Reguliersdwarsstraat has been the gay street in Amsterdam for about 30 years. Many gay men have fond memories of having a drink in bars like Havanna, April, Taboo, Arc or Soho, dancing in Exit or Nyx or having a bite at Downtown. Many of these bars have gone, but many still consider this cosy street with the difficult name as the heart of the Amsterdam gay scene.
Many, but not the business owners in Reguliersdwarsstraat. This week Amsterdam was rocked on it’s foundations by the news that the business association of Reguliersdwarsstraat is going to change the profile of the street: they are not going to advertise themselves as a gay venue anymore.
The official pr speak of the business association is that it still wants to be a street of exuberant partying, but not for ” the dancing, drinking masses”. That’s why they won’t organise a street party at Europride. Another reason is, that organizing the party is too costly and time consuming for the local business. And with the street full of people having a fun time, the restaurants in the street miss out on clients and can’t resupply their stock. It seems that these businesses aren’t doing too well.
The official reactions in the gay scene are more muted and trying to give it a positive spin. Siep de Haan, organizer of past Gay Prides and ambassador of Gay Pride 2015, is quoted in the local paper Het Parool as saying “It is the ultimate form of gay liberation. We always wanted it [Gay Pride] to be a non-exclusive party, where straights are welcome and see how gay people party. Appartenly Gay Pride has been successful in that.” Other gay officials re-iterated that point of view. They emphasize that young gay men and women often party together with their straight friends, making separate gay street parties less urgent.
Gay street loss mourned
It will be the for the first time since the start of Gaypride in Amsterdam, that you won’t be able to join a party in the street. Past parties were often legendary with performances of stars like Kylie Minogue. The reactions in Amsterdam have been strong in several media. It is like hearing that the Canal Street in Manchester or Castro in San Francisco are no longer the epicenters of the local gay scenes.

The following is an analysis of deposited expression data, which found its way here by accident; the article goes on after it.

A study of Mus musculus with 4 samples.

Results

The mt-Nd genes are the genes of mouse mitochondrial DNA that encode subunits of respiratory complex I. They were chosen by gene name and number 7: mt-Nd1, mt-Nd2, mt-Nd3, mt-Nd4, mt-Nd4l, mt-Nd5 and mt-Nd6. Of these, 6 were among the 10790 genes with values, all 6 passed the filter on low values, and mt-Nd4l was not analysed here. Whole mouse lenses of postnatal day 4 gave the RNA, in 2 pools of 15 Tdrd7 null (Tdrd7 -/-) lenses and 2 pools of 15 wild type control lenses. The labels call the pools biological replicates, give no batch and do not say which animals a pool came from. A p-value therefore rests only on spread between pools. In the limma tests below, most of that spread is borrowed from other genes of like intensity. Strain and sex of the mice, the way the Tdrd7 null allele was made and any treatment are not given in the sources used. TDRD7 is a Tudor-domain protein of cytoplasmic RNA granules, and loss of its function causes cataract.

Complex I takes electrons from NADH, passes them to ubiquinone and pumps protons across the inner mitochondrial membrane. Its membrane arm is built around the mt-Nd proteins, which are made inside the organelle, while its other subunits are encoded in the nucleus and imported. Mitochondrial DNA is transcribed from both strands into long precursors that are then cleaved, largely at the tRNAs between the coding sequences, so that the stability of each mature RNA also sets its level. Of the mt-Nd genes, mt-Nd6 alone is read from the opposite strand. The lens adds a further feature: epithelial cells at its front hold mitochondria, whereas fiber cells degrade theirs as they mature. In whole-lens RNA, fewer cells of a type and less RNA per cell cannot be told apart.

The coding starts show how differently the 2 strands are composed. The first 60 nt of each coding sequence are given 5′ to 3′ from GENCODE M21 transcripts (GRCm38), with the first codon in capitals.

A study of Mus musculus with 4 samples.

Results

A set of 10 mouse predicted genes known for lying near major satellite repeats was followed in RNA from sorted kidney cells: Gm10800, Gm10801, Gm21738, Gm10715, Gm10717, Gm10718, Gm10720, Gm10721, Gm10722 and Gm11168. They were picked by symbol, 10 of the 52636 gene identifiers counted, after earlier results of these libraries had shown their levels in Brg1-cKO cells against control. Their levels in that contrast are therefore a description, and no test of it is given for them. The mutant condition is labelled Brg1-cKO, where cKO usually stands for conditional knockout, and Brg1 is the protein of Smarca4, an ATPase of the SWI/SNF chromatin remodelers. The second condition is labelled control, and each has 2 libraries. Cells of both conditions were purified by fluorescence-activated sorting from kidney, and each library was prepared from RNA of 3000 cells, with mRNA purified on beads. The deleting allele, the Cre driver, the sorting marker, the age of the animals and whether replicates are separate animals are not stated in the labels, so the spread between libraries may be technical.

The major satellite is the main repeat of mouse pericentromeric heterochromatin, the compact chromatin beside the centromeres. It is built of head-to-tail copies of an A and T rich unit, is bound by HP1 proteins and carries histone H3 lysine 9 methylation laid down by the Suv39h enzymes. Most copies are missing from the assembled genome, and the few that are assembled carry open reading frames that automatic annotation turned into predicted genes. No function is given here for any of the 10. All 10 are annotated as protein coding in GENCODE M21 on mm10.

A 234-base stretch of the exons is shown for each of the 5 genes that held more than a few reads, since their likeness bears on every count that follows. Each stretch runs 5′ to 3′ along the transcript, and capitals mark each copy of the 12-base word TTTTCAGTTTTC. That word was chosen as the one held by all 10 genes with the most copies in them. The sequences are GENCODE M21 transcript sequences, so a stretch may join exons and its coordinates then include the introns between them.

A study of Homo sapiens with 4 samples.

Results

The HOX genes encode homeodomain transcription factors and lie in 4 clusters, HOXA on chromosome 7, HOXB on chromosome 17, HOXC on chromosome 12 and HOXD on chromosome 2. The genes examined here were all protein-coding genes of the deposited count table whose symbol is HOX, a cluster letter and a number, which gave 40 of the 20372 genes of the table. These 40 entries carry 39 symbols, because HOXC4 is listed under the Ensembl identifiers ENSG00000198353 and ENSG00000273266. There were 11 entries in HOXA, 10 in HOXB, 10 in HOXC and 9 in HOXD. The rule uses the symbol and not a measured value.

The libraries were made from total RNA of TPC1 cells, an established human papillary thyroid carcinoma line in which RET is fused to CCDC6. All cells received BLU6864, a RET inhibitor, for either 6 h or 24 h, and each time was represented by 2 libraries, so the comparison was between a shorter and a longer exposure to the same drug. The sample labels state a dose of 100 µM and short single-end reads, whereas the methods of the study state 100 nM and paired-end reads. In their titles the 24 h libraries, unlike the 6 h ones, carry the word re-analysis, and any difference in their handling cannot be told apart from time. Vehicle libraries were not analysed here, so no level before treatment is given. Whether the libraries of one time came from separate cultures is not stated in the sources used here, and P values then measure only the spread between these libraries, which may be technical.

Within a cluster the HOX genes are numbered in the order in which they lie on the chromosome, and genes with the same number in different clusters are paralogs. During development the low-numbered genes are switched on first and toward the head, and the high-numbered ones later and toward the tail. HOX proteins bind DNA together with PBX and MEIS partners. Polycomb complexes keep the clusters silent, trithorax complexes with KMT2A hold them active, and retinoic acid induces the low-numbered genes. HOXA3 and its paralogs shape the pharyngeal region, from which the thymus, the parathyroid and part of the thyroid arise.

Unofficial reactions were therefore stronger worded. People point out that Reguliersdwarsstraat has a history of being a gay meeting point going back to the mid 19th century. Others point out the still prevalent violence and discrimination against LGBTQ people in Amsterdam. And why not organise a party to show that we are not going back in the closet? In other streets, with also only one or a few gay bars the business owners are more liberal and entrepreneurial by organizing Pride street parties.
Real reasons, real alternatives
We think the businesses and their association in Reguliersdwarsstraat are not doing well and losing their plot. They have ambitious plans to recreate the street into a Secret Village, but the launch party has already been postponed because “the plants were not blooming due to the cold weather”. And the website of this Secret Village is no more than a cheap bill board for the local businesses. And the idea of a Secret Village seems a little bit strange in a street which connects a main shopping street with a tourist attraction and a major party square.
We advise you to either support the the many gay business with balls like Prik, Reality, Eagle or the bars around the Amstel or on the Zeedijk who invest in street parties at Europride. Or maybe organise a flash mob in Reguliersdwarstraat during Europride? After all a party is as fabulous as the people who visit it.